The Way We Were by John Taylor: Love and wars


Local residents fired up by such projects invariably impart their enthusiasm to the exhibitions they stage and, as with the Bow Brickhill society mentioned last week, the 
publications they produce.

In fact, Bow Brickhill has a particularly fascinating past - a conscientious objector, a POW who survived the war but died from the effects of captivity, even a little girl who was apprehended for picking the Duke of Bedford’s flowers.

And so there’s perhaps scope for similar research into the Second World War, just after which ‘Ted’ Cook came to the village on marriage to a 
local girl, Marjorie Smith.

He had seen action with the Royal Marine Commandos and afterwards would be one of the TA men chosen to line the Coronation route of the Queen.

Tragically, when employed by Terrapin of Bletchley, he was killed when his lorry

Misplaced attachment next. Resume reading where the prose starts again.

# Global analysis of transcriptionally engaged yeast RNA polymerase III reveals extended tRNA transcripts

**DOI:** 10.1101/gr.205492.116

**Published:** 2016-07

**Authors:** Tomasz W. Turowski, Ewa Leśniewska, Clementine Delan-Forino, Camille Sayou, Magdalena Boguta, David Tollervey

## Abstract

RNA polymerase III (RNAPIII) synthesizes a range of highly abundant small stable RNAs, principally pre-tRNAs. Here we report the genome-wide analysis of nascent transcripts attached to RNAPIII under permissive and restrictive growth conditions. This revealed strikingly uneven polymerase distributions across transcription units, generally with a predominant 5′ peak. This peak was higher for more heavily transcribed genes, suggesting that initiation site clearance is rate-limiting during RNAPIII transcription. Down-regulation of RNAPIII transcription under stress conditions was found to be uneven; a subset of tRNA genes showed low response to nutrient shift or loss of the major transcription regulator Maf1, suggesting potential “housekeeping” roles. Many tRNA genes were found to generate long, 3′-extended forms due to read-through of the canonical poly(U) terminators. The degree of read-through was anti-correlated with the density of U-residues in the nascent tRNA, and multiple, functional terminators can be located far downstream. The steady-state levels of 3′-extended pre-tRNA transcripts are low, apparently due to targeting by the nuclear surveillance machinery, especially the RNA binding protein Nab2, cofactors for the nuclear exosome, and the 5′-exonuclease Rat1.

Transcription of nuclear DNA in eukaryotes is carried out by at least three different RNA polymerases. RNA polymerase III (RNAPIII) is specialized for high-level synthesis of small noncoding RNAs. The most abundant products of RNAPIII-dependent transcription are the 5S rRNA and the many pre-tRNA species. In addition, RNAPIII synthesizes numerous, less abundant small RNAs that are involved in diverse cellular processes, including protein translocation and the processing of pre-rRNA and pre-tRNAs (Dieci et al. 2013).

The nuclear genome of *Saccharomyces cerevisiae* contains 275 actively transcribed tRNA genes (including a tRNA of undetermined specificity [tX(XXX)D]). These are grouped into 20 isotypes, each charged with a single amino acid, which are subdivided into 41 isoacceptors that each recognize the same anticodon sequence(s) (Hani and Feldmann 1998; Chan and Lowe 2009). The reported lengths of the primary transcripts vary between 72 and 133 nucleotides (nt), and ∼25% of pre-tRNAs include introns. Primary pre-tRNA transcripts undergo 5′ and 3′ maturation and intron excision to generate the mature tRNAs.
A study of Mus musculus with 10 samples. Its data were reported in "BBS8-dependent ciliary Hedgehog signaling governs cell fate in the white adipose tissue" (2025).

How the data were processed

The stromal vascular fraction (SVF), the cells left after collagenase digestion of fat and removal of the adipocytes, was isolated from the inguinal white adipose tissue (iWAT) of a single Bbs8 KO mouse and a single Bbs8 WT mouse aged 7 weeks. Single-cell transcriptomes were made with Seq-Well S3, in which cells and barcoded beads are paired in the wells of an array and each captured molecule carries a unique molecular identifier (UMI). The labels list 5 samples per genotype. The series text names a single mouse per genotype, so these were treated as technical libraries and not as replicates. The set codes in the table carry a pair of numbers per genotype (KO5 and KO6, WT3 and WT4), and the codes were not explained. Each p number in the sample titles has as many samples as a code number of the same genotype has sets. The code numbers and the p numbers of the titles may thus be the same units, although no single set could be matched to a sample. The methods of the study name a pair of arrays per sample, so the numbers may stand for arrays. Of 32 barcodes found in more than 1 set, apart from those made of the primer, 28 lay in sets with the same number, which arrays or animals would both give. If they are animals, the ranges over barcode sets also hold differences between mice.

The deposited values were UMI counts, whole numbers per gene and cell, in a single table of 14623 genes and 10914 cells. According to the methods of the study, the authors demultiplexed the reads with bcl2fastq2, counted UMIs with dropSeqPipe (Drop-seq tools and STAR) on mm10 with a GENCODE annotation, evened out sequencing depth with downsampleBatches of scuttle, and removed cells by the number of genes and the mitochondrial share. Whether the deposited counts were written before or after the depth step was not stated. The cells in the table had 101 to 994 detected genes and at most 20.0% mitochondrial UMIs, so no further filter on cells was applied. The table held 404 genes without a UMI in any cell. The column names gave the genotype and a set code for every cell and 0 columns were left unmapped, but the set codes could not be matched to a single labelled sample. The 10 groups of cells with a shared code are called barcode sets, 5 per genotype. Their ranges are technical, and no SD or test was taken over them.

collided with two other 
vehicles near Ampthill.

Of several nefarious tales regarding landlords of the village pub, one was fined for not attending Home Guard duties.

As for members of the regular forces, for their recreation there was a corrugated iron structure near the Green.

Then, in the aftermath of the war, this was extensively reconstructed by the generosity of a London barrister, 
resident in the village.

In a past article, the story was told of the painting by a famous artist of ‘A Village Choir’ set in Bow Brickhill’s All Saint’s Church.

In fact ,the choral tradition is still maintained with new recruits invited to contact Sue Malleson.

Sue, a stalwart of this week’s article, she is seen in her secretarial days with Scicon, prior to singing at the firm’s barbecue.

Several times, she had been asked by a friend to sing with his group, Brigadier Fosdyke’s Travelling show ‘but I never realised I would be singing at my own firm’s party!’ she 

Anyway, that’s quite enough local history for this week.

And as for me, phew, I’m just off to have a cold shower.